Davis, J., dissenting:

        In this case, it was determined conclusively through stipulation that Mr. Keenan violated the Rules of Professional Conduct in matters involving eight clients. The Lawyer Disciplinary Board (the “Board”) found that the violations warranted, among other things, a three-month suspension from the practice of law. However, the majority opinion has declined to follow the Board's recommendation of suspension. I believe that the majority's decision not to impose a three-month suspension, as recommended, was arbitrary and unsupported by any mitigating evidence. Consequently, I dissent from the decision in this case.

        My main concern involves Mr. Keenan's repeated display of arrogance in ignoring requests for information by the Office of Disciplinary Counsel (the “ODC”). This Court has cautioned members of the Bar to timely respond to communications by the ODC. In Syllabus point 1 of Committee on Legal Ethics v. Martin, 187 W. Va. 340, 419 S.E.2d 4 (1992), we held that:
            An attorney violates West Virginia Rule of Professional Conduct 8.1(b) by failing to respond to requests of the West Virginia State Bar concerning allegations in a disciplinary complaint. Such a violation is not contingent upon the issuance of a subpoena for the attorney, but can result from the mere failure to respond to a request for information by the Bar in connection with an investigation of an ethics complaint.[See footnote 1 1 ]

(Footnote added). In other words, when the ODC requests an attorney to provide information about a disciplinary complaint's allegations, it is expected that the attorney will cooperate. Mr. Keenan's blatant refusals to comply with the ODC's information requests do not constitute the contemplated cooperation.

        Furthermore, the majority opinion does not adhere to the procedures established for determining the discipline warranted in a particular case. The guiding principle in this Court's de novo review of sanctions to be imposed upon an attorney was crystallized in Syllabus point 3 of Committee on Legal Ethics v. Walker, 178 W. Va. 150, 358 S.E.2d 234 (1987):

            In deciding on the appropriate disciplinary action for ethical violations, this Court must consider not only what steps would appropriately punish the respondent attorney, but also whether the discipline imposed is adequate to serve as an effective deterrent to other members of the Bar and at the same time restore public confidence in the ethical standards of the legal profession.

Under Walker, it is the duty of this Court to fashion sanctions that “serve as an effective deterrent to other members” of the legal community. In the present case, Mr. Keenan intentionally ignored at least eight requests by the ODC to respond to complaints lodged against him.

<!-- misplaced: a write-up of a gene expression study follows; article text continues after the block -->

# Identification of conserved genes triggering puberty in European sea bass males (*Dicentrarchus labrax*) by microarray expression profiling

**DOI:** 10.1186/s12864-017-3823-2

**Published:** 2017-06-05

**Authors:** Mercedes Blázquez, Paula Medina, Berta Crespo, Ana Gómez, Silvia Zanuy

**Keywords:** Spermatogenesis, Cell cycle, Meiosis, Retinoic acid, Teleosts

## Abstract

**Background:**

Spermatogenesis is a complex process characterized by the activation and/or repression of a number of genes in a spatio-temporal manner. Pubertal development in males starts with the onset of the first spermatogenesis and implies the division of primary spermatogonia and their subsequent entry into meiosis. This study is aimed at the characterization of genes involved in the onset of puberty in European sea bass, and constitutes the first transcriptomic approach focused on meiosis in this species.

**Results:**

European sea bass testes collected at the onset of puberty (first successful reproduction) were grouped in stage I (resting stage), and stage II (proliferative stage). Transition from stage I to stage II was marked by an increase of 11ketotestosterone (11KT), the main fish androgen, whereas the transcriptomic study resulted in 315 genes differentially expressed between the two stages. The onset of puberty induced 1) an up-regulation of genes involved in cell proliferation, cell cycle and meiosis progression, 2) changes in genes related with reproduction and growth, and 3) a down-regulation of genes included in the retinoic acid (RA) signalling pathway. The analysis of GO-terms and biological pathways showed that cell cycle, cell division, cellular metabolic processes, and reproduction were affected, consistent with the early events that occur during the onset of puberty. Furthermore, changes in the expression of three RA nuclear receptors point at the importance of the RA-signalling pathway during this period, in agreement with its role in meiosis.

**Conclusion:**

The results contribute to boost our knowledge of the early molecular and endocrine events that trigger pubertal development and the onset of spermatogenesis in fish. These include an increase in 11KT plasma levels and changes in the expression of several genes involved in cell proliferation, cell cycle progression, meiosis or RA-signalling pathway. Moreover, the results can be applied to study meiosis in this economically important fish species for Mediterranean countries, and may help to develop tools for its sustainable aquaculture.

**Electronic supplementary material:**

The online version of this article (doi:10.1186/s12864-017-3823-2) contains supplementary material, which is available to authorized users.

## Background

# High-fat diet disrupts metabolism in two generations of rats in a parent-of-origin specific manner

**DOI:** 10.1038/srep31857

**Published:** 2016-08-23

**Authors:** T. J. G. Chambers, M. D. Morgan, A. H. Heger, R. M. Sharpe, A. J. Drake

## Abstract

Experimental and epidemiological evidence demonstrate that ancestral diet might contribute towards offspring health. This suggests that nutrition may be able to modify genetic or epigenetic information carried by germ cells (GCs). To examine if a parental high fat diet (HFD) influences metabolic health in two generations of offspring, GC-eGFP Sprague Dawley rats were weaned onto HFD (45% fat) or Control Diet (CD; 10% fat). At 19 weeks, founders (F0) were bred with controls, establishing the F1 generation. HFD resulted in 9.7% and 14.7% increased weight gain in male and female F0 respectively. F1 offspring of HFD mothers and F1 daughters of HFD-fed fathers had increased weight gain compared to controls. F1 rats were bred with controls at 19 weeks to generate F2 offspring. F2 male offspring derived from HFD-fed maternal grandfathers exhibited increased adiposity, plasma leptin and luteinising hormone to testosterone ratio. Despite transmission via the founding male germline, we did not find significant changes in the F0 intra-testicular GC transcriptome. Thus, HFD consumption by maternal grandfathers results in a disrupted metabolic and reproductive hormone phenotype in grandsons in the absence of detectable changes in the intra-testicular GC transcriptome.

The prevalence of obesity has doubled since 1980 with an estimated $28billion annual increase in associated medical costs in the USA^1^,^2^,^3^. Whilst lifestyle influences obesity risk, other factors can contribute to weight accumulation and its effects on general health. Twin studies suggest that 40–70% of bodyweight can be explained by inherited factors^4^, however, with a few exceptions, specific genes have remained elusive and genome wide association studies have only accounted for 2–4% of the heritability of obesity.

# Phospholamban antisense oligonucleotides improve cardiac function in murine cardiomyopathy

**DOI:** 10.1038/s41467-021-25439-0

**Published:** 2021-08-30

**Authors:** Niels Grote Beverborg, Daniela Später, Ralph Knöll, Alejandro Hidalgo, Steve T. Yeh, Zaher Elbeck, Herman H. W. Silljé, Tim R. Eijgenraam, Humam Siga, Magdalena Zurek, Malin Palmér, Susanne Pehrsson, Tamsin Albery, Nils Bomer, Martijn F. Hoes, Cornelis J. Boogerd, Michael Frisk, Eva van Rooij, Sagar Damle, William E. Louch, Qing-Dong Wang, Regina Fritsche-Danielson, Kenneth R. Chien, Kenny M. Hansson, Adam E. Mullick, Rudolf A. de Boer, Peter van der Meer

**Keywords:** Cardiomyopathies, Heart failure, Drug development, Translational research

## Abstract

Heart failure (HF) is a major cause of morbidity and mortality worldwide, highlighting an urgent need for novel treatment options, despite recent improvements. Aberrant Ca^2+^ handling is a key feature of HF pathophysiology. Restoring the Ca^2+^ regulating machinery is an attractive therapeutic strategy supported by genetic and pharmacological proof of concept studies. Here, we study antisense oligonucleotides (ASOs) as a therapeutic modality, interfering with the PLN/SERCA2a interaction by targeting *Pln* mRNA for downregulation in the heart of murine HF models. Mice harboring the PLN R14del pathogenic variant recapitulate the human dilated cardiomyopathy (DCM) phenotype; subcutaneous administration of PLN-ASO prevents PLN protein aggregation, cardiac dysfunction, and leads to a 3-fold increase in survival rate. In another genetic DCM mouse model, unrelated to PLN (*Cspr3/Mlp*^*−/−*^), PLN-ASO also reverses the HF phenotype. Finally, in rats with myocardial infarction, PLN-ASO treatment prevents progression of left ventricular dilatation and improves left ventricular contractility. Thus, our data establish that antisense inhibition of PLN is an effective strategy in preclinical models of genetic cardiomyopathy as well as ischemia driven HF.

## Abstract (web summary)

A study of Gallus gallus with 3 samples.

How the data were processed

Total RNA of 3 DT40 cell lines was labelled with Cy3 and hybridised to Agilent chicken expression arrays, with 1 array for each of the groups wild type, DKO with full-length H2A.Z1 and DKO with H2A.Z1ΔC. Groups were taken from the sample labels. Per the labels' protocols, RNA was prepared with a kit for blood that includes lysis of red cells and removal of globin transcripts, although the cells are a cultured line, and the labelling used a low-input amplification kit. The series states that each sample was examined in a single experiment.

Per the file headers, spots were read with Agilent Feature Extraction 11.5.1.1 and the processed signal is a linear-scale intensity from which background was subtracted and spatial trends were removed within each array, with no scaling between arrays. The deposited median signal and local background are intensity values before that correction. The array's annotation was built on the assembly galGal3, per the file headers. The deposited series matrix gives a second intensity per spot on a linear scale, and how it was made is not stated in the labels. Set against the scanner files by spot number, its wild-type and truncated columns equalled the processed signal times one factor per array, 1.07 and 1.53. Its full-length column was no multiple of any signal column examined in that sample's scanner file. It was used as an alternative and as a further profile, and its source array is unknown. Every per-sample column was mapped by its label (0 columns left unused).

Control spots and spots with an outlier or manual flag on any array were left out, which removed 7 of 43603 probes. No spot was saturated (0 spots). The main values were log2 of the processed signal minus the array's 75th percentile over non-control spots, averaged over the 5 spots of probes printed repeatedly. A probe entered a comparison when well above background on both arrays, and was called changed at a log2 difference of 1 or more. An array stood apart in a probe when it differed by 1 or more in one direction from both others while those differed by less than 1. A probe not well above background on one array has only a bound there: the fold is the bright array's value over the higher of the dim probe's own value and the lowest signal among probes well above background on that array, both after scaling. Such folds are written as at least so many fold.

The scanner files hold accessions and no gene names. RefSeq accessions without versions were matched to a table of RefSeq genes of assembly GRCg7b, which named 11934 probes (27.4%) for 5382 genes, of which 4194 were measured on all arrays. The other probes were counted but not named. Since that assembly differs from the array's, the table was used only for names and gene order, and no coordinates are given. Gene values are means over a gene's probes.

In my judgment, Mr. Keenan's deliberate conduct in repeatedly ignoring communications from the ODC, coupled with his consistent failure to respond to his clients' communications, demand that this Court suspend his license to practice law for a minimum of three months. See Lawyer Disciplinary Bd. v. Swisher, 203 W. Va. 603, 509 S.E.2d 884 (1998) (per curiam) (conditionally suspending license for, among other things, failure to respond to ODC communication); Committee on Legal Ethics of the West Virginia State Bar v. Karl, 192 W. Va. 23, 449 S.E.2d 277 (1994) (holding that, among other things, failure to respond to inquiries from disciplinary panels violated ethical standards and warranted three-month suspension, even though the attorney was no longer engaged in active practice of law as result of assuming judicial office); Committee on Legal Ethics v. Keenan, 192 W. Va. 90, 450 S.E.2d 787 (1994) (annulling license of previously suspended attorney for failing to cooperate with and respond to ethics panel investigation); Committee on Legal Ethics v. Cometti, 189 W. Va. 262, 430 S.E.2d 320 (1993) (concluding that failure to respond to ethical inquiries by the Committee on Legal Ethics warranted one-month suspension).

        I am mindful that mitigating circumstances should be considered when this Court has to determine whether to suspend an attorney's license. Accordingly, I have searched the lines of the majority opinion and combed the record in this case. In doing so, I have not uncovered any mitigating factors that would require this Court to disregard the Board's recommendation of a three-month suspension. The majority opinion points out, in a conclusory fashion, that “[b]ecause of the obvious economic consequences that the respondent would suffer with an inability to practice law, we would not suspend his license to practice.” Negative economic consequences brought about as a result of the suspension of an attorney's license, in and of itself, are not a mitigating factor for sanctioning purposes. In fact, negative economic consequences frequently accompany the suspension of a license to practice law. To accept the reasoning of the majority decision in this case, though, would mean that this Court could never suspend an attorney's license because to do so would result in negative economic consequences for the attorney. I cannot subscribe to such reasoning.

        For the reasons stated, I respectfully dissent from the majority opinion in this case.

Footnote: 1     1See also Syl. pt. 11, Committee on Legal Ethics of The West Virginia State Bar v. Cometti, 189 W. Va. 262, 430 S.E.2d 320 (1993) (“Under Rule 8.1(b) of the Rules of Professional Conduct, as explained in Committee on Legal Ethics v. Martin, 187 W. Va. 340, 419 S.E.2d 4 (1992), a disciplinary violation can be imposed if a lawyer fails to cooperate with the Committee on Legal Ethics of the West Virginia State Bar. To the extent that Committee on Legal Ethics v. Mullins, 159 W. Va. 647, 226 S.E.2d 427 (1976), differs with Martin, it is overruled.”).